Multiple Olympic champion cyclist Sir Chris Hoy has helped launch a campaign that aims to deal with Britain’s growing and sometimes deadly pothole problem by urging for more funding to be spent on road maintenance.
The new campaign has been launched by Aggregate Industries just weeks after army officer Jonathan Allen was killed by a lorry in Wiltshire after apparently swerving to avoid a massive pothole.
Hoy, who was in Manchester at the weekend inspecting some of the city’s worst potholes, said: "A lot of people lack the confidence to ride their bikes in and around urban areas, not just because of the traffic but because of poor road surfaces."
The Scot added: "Aggregate Industries is looking at not just the short term problem with potholes, but raising awareness of the need to improve road surfaces long term. This in turn will make it safer and give cyclists more confidence. The more people we can get on bikes the better, meaning less congestion, improving health and fitness and many other spin offs. If you spot a pothole, get in touch with your local authority or visit www.fillthathole.org.uk ".
Aggregate Industries, a supplier of heavy building materials serving sectors including road infrastructure, which would therefore presumably stand to benefit from any increased funding, claims that currently there is a £1 billion shortfall in road maintenance budgets in England and Wales, where 1.4 million potholes were reported last year.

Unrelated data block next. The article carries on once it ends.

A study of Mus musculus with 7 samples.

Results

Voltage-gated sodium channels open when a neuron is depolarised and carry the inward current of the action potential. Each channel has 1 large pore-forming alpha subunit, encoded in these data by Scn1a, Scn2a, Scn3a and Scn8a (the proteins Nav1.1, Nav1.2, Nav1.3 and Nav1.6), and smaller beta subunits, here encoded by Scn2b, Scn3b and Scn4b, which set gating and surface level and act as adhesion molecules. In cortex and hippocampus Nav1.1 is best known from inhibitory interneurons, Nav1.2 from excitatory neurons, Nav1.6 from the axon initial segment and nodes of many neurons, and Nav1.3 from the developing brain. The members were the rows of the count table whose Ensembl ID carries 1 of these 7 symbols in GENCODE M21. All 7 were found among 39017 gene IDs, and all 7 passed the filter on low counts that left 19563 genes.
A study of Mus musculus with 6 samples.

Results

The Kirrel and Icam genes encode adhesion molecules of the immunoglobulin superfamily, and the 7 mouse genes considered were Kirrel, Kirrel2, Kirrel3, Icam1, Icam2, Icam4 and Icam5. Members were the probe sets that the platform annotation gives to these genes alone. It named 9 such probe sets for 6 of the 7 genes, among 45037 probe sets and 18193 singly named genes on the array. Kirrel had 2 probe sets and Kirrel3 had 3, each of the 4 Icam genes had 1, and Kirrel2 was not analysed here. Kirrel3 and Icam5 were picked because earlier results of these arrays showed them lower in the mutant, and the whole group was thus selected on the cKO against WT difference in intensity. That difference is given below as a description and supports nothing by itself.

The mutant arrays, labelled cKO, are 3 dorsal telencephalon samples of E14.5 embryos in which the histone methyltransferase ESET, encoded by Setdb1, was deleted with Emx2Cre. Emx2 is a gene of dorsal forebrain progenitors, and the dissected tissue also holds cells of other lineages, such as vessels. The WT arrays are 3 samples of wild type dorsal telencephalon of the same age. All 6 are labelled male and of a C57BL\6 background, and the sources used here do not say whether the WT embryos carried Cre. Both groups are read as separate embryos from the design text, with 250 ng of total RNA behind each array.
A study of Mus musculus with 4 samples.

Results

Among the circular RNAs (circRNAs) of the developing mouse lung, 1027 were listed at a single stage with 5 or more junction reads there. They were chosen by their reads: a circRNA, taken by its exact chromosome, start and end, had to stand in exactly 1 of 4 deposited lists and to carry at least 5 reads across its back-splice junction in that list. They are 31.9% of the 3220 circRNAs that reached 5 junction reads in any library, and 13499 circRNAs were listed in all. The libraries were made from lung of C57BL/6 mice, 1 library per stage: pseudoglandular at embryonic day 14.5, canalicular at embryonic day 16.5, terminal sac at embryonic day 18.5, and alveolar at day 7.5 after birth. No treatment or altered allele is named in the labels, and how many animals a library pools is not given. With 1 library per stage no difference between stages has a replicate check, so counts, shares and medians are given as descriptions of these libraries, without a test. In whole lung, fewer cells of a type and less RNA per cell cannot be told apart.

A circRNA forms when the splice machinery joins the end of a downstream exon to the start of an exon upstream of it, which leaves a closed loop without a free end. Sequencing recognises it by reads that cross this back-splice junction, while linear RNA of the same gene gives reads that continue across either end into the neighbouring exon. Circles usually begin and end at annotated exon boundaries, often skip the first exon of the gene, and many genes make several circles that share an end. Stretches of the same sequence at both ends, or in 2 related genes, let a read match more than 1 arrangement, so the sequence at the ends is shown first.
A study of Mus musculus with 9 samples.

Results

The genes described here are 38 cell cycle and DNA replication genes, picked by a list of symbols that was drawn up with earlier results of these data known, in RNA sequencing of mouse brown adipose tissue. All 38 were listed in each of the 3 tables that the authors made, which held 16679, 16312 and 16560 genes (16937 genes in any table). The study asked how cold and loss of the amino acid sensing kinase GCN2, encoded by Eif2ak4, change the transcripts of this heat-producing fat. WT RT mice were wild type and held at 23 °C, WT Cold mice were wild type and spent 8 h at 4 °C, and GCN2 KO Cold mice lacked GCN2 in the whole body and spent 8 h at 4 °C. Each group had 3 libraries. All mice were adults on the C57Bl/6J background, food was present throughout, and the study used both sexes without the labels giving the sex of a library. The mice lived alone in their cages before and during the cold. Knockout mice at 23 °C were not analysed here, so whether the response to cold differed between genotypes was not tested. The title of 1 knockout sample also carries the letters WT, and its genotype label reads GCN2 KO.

It added that although £100 million has been spent on repairing potholes this year, that work only involves patching.
The company insists that Chancellor Alistair Darling’s recent budget pledge of £100 million to help fill potholes is “nowhere near the estimated £9.5billion needed to bring the country's roads up to standard,” adding that it is “championing a new approach to planning, design, materials and ongoing maintenance.”
According to Mike Archer, national contracting director at Aggregate Industries' Bardon Contracting business,: "The state of our roads is countering the many current initiatives to get more people onto bikes. Whether this is cycling to work or school, cycling for fun, keeping fit, or even cycling professionally, until there is a better environment for cyclists, many people will simply be deterred from riding a bike. We want to encourage cyclists and would be cyclists to help us get more funds diverted to road maintenance. "
Born in Scotland, Simon moved to London aged seven and now lives in the Oxfordshire Cotswolds with his miniature schnauzer, Elodie. He fell in love with cycling one Saturday morning in 1994 while living in Italy when Milan-San Remo went past his front door. A daily cycle commuter in London back before riding to work started to boom, he's been news editor at road.cc since 2009. Handily for work, he speaks French and Italian. He doesn't get to ride his Colnago as often as he'd like, and freely admits he's much more adept at cooking than fettling with bikes.